You might have heard recently that diesel is all the rage in the American auto market right now as more and more automakers are introducing diesel models that are just flying off dealer lots left and right. The reality is different from the hype, which is clearly illustrated by the sales performance of the award-winning and revolutionary Chevrolet Cruze Diesel.
The model launched almost one year ago, and so far almost nobody knows its exits. Of course, many Americans don’t realize that every VW with a “TDI” badge is also diesel-powered vehicle. Back to the Cruze Diesel, which is the first GM passenger vehicle powered by diesel in 28 years, and which is just isn’t selling like hot cakes. Over the past year, diesel models have constituted only 2 percent of all Cruze sales, with 5,974 units sold. While some might say that there are a lot of Cruze sales, it’s key to understand that Chevy was projecting before the car launched that it would make up 10 percent of Cruze sales.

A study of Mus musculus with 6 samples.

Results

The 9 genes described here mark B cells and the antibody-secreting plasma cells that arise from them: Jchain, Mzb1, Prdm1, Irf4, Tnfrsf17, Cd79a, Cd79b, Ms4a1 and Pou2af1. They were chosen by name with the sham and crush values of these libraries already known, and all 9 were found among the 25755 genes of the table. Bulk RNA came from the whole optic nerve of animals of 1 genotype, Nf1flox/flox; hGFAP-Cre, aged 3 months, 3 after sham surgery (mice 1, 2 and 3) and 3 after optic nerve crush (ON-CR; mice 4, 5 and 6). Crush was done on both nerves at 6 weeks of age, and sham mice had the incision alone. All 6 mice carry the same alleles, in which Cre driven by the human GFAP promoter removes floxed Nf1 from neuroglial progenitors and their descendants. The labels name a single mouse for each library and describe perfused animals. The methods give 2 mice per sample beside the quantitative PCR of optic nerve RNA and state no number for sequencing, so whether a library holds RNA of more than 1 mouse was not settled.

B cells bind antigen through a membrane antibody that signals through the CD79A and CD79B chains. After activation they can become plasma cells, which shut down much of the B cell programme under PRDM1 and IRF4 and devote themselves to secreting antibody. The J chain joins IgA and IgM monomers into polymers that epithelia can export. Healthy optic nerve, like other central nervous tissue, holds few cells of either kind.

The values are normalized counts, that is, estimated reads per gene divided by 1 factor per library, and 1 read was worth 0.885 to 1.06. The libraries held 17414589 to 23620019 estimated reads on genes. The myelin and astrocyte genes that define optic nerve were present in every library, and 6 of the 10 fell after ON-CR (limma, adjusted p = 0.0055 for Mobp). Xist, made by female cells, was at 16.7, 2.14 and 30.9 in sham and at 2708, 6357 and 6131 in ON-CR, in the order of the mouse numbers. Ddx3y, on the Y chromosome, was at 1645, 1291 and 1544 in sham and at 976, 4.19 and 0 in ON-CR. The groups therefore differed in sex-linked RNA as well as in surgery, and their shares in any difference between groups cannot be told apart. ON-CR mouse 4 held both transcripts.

In comparison, Jetta TDI sales added up to 46,409 during the past year. That’s a direct competitor to the Cruze Diesel, and that’s a complete sales smackdown.
Any relief for the Cruze Diesel doesn’t seem to be on the way. For the period of July through December of 2013, 2,979 units were sold in the United States, while in the first six months of 2014 2,995 units were sold. In other words, sales of the car are pretty flat. If Chevrolet wants its little diesel car to really thrive, it needs to start figuring out why consumers aren’t going for it. Do they not know how efficient the car is? The performance benefits it offers? That the engine is actually of Italian origin? That it outperforms the Jetta TDI in just about every conceivable way?